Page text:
Reaching for the Tingle....

Dear Friends:

I have been thinking a lot lately about what really exists at the core of my approach to teaching advocacy. Why do I do the things that I do? I must confess that the approaches that I love the most are the ones that stray far afield from accepted practices, but I console myself with the belief that they are grounded in other fields from which all advocacy professors might want to learn. I am always questing for something more. Like all of us I can nail the NITA critique in my sleep, but I have done that more than once and felt that I let the person I was trying to teach down – I had not gone far enough into the darkness with them to help them see the light. I have come to believe as a core value that if the student is brave enough to try then I should be brave enough to teach them, using whatever method is necessary in that moment to make a difference for the student.

When I first started teaching it was with other attorneys that worked for me. I was always focused on the end result – the trial. The personal dynamics between the client, the witnesses, the advocate and the judge were always fascinating and we worked hard to find the message that would prevail for that specific set of circumstances. From time to time we would do the obligatory NITA style training, but almost as an afterthought.

Over time I turned to fundamentals as a way to create a baseline level of competency, and I still love advocacy fundamentals as the starting point for everything I teach. I even titled my trial advocacy text “Fundamental Trial Advocacy,” and I firmly believe that some of our skills should be automatic. A good critique on something as simple as word choice, body position, filler words, pauses, or any of the other “bread and butter” teaching points is always time well spent – but it rarely makes me tingle. I reach for the tingle whenever I can – do you?

What do I mean by reaching for the tingle? The tingle is when the student has a breakthrough. That breakthrough can be skill performance specific, a deeper level of personal understanding, or a connection with the other participants. These teaching moments come when you see that the student has an issue, but you know that the fix for that problem is going to require you to trust the student, possibly embarrass yourself, and risk failing in front of a group of students to whom you have been identified as an expert in the field. Do you reach? Do you grasp for that moment? Or do you turn away into the safety of something else?

I think the students know when we go out on that limb with them. I believe at an internal level they appreciate it when we expose ourselves to failure, to ridicule, to judgment – just as they feel exposed in that moment. That is a gift that the teacher has the power to give to the student - and it gives them power in a place where they feel powerless. I like to think of it as a student centered approach, and it reflects some accepted paradigms of adult experiential learning. They become responsible for their own learning. Let me share how I go about it.

I usually start by asking the student how that felt, not how they think they did. I like to begin with reflection by the student because it helps me see where they are in their growth. Different students will focus on different things. How they focus, what they focus on, and the way they choose to share it all present opportunities to help me identify the right teaching moment. I build outward from the things that they share with me because that often identifies the “thing” that needs to be addressed. I combine this with the observations that I have made about that student over the course of the program. There are many different opportunities to get to know these students, each of them are moments that provide me with information that becomes crucial when it is time to reach them.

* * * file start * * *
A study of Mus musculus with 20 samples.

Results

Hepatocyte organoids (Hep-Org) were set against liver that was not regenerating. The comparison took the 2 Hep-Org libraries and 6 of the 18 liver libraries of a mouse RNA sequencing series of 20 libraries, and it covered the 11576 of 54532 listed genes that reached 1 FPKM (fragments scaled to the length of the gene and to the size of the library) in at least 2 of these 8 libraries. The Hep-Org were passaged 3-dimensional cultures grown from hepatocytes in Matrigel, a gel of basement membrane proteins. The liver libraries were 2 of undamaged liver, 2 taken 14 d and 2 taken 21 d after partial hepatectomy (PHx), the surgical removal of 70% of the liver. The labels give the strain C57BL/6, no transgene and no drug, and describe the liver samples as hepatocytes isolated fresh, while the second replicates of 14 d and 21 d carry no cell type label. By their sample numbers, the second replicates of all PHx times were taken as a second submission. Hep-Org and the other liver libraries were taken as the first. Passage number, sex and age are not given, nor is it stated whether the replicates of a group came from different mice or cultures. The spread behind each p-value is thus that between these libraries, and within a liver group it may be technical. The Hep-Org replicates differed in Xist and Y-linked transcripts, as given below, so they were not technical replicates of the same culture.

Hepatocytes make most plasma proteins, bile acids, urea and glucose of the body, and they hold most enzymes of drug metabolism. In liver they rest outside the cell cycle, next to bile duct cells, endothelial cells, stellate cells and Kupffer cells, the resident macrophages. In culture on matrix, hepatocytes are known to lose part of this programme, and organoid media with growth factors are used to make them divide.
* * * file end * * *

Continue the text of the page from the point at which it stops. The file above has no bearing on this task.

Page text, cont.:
I want to get them into the moment of the performance so that together we can identify what canbe encouraged to grow, what should perhaps be pruned back to a reasonable level, or sometimes completely weeded out. I rarely ask the student how they think that went because they are usually hypercritical or simply blow the answer off. I want to know what they were feeling when they did it, physically, emotionally, mentally.

After they tell me I ask them if they will give me permission to help. Once they give it, and they always do, I ask them again how they are feeling – starting with their current physical state. This is the point where they begin to become responsible for what they are about to discover. Sometimes I get push back. When that happens I have them take a deep breath, close their eyes and picture what just happened. I then ask them to share the physical sensations they were experiencing while they performed. I focus them on action verbs, clear descriptions – the same word choice issues that we teach on direct examination. I then build my next question off their response. They are often very quick to identify what is bothering them, and it opens to the door to my advice. We begin to work together to solve their problem in a way that they accept and can implement. This creates a short back and forth that is really a shared conversation. It is also a sharing of the spirit, an acceptance of our shortcomings and recognition of the trust that we are placing in one another as teacher and student.

These become transformational moments in the life of the student – if they are ready for the transformation. Remember those moments in the courtroom when everything slows down, the words flow and you hold the jury, or the witness in the palm of your hand? Remember that feeling that you had when everyone in the room knew at a primal level that something very important had just happened in court? You can have that same feeling when teaching – all you have to do is reach for the tingle.